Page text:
Technology plays an important role in all aspects of our lives – the way we work, and the way we live at home. The speed of technological change in the past 100 years has been incredible.
The early telephones were large, and they didn’t even have dials or buttons. You picked up a receiver and talked to an operator who made the call for you. Nowadays, cellular telephones fit in our pockets, and we can use them to make phone calls from anywhere to anywhere. In grocery stores, cashiers used to punch keys on cash registers to enter the price of each item. These days, scanners read bar codes on products packaging, and the prices are recorded by a computerized cash register. In the past, we made a trip to the bank to deposit or withdraw money. Now we can use ATMs (automated teller machines). And many people now do their bank transactions at home online.
Modern technology has dramatically improved our lives. Personal computers enable us to create documents, store information, and analyze data – at work or at home. The Internet allows us to send and receive e-mail messages, connects us to the World Wide Web, and allows us to go shopping online from our homes. Miniature cameras that patients can swallow permit doctors to diagnose medical conditions without surgery.
“Smart homes” operated by computers turn lights on and off as people enter or leave rooms and enable homeowners to “call their houses” to turn on the heat or air conditioning. Many people feel, however, that technology has its price. With automated supermarket checkout lines, ATMs and online banking, and Internet shopping, we can meet our daily needs without having contact with other people. Life with technology can be very lonely! Also, many people are concerned about privacy. Technology makes it possible for companies or the government to monitor our use of the Internet. Our credit card numbers, bank account information, medical information, and other personal data are all stored on computers. Protecting that information will be an important issue in the years ahead. Bliss.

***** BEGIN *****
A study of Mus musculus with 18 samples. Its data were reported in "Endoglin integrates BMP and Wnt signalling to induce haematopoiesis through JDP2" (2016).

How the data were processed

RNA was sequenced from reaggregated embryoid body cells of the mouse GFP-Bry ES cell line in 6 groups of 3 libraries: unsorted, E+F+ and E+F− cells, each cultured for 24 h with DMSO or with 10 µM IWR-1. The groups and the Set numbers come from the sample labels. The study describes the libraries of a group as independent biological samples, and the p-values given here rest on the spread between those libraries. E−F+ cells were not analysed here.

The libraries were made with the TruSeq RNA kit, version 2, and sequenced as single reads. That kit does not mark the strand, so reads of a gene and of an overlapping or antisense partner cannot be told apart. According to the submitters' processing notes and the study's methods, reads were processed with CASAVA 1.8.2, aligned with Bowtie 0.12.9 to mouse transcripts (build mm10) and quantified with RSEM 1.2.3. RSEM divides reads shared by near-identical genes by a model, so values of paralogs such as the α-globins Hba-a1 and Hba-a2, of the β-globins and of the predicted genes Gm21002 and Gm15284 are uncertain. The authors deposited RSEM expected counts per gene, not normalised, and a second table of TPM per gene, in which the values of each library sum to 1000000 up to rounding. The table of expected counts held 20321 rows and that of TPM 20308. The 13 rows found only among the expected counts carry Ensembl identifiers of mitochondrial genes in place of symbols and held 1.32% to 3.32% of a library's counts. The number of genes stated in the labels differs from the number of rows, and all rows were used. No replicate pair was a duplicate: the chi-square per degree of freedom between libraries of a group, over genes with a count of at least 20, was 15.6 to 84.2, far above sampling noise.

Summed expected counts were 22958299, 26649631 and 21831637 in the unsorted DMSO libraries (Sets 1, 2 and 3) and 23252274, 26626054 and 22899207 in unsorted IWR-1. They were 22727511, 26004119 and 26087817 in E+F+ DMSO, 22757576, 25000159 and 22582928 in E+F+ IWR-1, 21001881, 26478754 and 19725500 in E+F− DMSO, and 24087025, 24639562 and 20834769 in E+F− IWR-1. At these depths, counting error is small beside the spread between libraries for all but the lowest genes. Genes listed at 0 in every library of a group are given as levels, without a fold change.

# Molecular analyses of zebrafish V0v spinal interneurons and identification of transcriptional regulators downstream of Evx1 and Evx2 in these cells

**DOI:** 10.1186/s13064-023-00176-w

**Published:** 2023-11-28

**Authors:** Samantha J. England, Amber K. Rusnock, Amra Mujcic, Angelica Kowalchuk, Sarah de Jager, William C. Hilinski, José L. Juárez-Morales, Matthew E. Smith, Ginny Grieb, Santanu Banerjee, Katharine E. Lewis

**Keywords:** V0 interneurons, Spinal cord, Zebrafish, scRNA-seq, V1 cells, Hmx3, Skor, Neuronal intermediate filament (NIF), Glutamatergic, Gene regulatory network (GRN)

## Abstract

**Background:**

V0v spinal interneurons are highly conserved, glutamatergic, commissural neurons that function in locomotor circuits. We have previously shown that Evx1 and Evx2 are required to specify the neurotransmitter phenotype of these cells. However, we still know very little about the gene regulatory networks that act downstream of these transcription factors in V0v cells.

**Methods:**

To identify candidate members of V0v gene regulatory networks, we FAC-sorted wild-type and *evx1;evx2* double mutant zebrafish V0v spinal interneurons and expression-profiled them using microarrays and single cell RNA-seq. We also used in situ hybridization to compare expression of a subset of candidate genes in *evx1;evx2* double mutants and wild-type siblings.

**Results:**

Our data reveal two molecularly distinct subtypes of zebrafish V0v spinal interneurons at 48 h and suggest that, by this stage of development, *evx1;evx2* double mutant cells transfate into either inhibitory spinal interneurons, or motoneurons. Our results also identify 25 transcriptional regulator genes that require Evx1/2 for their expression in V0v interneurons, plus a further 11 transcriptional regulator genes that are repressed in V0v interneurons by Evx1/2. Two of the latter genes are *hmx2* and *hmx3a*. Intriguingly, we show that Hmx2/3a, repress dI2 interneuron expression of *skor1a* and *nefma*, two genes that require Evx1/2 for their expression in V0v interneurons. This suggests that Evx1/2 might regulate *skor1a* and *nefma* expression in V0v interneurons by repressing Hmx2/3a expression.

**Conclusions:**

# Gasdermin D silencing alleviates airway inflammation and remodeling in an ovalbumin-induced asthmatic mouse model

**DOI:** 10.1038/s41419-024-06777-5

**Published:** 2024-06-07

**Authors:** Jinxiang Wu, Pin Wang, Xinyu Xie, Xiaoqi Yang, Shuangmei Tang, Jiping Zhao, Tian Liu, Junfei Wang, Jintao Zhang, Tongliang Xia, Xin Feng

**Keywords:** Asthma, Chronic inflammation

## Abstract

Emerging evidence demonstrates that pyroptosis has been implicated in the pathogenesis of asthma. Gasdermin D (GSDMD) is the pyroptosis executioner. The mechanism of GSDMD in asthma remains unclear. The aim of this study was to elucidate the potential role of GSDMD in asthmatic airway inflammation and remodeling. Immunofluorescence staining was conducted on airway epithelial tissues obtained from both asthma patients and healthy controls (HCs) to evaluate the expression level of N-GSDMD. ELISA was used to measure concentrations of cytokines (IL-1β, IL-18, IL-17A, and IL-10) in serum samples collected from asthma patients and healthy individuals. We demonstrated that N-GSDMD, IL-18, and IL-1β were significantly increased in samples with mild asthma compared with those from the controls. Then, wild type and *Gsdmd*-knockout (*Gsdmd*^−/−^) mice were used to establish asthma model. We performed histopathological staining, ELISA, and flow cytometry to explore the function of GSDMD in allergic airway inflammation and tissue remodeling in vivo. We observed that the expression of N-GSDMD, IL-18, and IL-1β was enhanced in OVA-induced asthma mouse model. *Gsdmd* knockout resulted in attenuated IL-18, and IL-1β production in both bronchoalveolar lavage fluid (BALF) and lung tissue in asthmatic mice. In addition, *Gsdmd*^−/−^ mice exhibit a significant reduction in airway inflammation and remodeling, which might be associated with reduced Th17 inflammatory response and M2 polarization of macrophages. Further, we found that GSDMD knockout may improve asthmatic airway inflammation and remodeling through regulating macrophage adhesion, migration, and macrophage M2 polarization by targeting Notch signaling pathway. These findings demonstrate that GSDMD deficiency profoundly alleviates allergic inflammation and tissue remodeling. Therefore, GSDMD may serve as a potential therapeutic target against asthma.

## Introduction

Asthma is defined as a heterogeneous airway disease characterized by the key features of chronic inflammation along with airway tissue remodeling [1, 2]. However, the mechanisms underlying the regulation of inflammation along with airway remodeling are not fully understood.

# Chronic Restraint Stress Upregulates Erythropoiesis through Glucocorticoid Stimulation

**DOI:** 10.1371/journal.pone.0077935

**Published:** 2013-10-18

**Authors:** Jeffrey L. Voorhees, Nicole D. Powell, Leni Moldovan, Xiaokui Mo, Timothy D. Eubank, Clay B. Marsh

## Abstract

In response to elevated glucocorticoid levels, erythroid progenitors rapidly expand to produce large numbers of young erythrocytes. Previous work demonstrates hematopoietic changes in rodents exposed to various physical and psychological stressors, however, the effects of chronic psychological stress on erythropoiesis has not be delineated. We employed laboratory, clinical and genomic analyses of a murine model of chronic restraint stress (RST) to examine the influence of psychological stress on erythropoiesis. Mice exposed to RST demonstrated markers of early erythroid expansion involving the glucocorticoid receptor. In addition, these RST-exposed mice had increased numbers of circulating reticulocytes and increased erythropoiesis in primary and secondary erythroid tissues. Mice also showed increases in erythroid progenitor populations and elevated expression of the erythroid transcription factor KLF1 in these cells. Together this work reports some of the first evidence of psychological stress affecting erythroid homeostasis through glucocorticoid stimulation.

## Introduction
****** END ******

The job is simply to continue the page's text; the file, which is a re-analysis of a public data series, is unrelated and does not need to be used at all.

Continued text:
Do you have a favorite radio station? What do you like about it? Have you ever wondered how your radio is able to produce the sounds and the music that you like to hear? Radio programs are sent by a machine called a transmitter to your radio which is called a receiver. The programs don't travel through wires like telephone messages do. They are sent through the air over long distances by electromagnetic waves. These waves are called radio waves and were discovered by a German scientist named Heinrich Hertz. He discovered that these waves could carry sound signals. He also discovered that radio waves have different lengths. Guglielmo Marconi, an Italian, invented a microphone that changed sound waves into electronic signals, and then he developed a receiver that turned them back into sound again. He also found a way to keep waves of the same length together and keep those of different wave lengths separate. On his equipment, a radio wave looked like a letter "s" lying on its side. Short waves curved up and down more times each second than longer ones, so he divided all the waves by how many times they curved each second or by how frequently they curved. He called each group a frequency. The numbers on your radio dial are different frequencies. Different stations can broadcast their programs at the same time using different frequencies. Later, scientists found that by using only the top half of a radio wave they could reduce static and other noise that interfered with clear sound. This kind of radio transmission is called FM broadcasting because the frequency has been modulated or changed.